I cannot use the real names of the companies and people involved and the real names do not matter anyway. But the storyline is an interesting one worth sharing with the community.
One of our reps calls me all excited to tell me that we are the selected vendor in a project management software deal. Legal documents are being reviewed and the deal should be finalized in a few days. Almost like clockwork, a few days later, our solution champion calls back the rep with a smile and says "You were right. What you said will happen, did.".
One of the big companies we beat found out who they lost to. They immediately resort to their standard playbook:
1) Dig up the key talking points why this prospect should not choose this vendor
2) Search the internal competition folder archive (must be a few terabytes large!) for most recent wins against this best of breed player
3) See who we have as a reference that is ready to throw loads of mud, fear and doubt at the prospect. If we do not have any reference see who from our customer base we can convince to be that reference by giving them heavy discounts and other incentives, do whatever it takes, to find people who will speak negatively about this company and product.
4) Call the prospect and send him/her the key talking points, anti documents, and provide the negative references
This worked well when we were not ready for it. But then we learned the standard playbook. Now we tell our prospects what to expect. That large software companies spend more time on anti competitive research and content creation than they do on innovation. That their focus is neither on why the prospect should do business with them nor on why they have a better solution, rather it is why they should not do business with a specific best of breed vendor.
I am sure this kind of mud works from time to time. But, technology buyers aren't that stupid. Ultimately, the superior solution, better technology, more innovation, and great customer service wins a lot more often.
We had some cracks in and around our shower in the master bathroom. I looked at the job and decided it is small enough for me to take it on alone. After all, how hard can it be to apply new caulking? Little did I know how hard it is to do a good clean caulking job.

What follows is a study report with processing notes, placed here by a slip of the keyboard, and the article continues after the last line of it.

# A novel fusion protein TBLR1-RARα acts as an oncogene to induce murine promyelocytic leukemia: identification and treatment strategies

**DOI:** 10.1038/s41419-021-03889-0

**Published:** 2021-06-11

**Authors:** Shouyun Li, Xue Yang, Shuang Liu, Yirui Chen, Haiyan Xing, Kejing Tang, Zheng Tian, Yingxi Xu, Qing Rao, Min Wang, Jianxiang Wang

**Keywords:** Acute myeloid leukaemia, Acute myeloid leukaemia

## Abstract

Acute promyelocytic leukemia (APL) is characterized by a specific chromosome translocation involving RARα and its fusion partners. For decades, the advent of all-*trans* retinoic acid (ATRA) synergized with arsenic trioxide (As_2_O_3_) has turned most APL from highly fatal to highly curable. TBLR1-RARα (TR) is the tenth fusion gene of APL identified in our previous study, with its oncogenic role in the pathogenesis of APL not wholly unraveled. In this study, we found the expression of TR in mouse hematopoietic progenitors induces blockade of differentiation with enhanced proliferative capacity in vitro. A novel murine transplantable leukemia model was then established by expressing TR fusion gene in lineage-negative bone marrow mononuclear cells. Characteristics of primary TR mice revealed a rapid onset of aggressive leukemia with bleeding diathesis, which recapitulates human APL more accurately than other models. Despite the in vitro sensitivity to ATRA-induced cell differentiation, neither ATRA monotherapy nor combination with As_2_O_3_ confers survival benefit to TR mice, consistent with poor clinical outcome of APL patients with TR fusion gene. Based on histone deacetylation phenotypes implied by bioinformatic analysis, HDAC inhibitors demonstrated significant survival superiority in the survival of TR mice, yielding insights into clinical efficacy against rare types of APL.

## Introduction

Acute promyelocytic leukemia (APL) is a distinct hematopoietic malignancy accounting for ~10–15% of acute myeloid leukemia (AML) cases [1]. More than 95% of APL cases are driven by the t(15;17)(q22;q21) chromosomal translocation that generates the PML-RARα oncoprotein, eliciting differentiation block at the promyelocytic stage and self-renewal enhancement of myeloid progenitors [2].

I cut the top of a tube and started caulking a small test area ... I was not able to get it to look nice and clean. I got a little bit of caulk everywhere, on me, on the wall. It wasn’t going well. I stopped and searched the net for some answers. I found a few very good how-to videos and articles that explained what I need to do. At this point, my two older kids (13 and 10) got curious seeing me going back and forth, up and down the stairs, looking for tools, watching the online videos, scratching my head.
Kids: “Dad what are you doing?”
Me: “I am caulking”
(They giggled as the word sounded really funny and of course it rhymes with a bad word they know they are not supposed to ever repeat around the house).
Kids: “Caulking? What does that mean?”
I explained and showed them how it works.
My son’s conclusion: “Ok, you are not very good at it dad.”
After several iterations, I was finally able to apply the right amount of caulk and finish the job. It took me a total of three hours and a full tube of caulk to get it done. A pro would probably have done this in less than fifteen minutes.
After I was done I cleaned up and went downstairs for tea. My children, all smiles, had prepared a prize certificate for me:
Rudolf Melik Certified Professional Caulker
I was proud of completing the task. But both I and the kids knew I was no expert caulker!
We often underestimate how much effort, multiple iterations, practice and focus it takes to become good at anything. We assume “it’s easy”. Project management, looks simple, how hard can that be? You just plan it, delegate then follow up. Integration? Easy stuff, you just map this to that, link this to that …
This was a good reminder for me on why an accidental consultant, project manager … accidental caulker just doesn’t work out too well. We can fix small things around the house for fun but when it comes to our business, I always choose and invest in a focused, experienced professional.
As the year end approaches we all become prognosticator of all prognosticators. I ran into Jim Carroll, a bonafide futurist, in one of my trips and he inspired me to write this article for PS Village. He got me thinking about what are the trends for 2011 and how they will affect enterprise software, project and service delivery and cloud-based technologies, all of the stuff we work and live with everyday. I started with Jim Carroll’s 2011 trends and wondered how these trends will impact our world.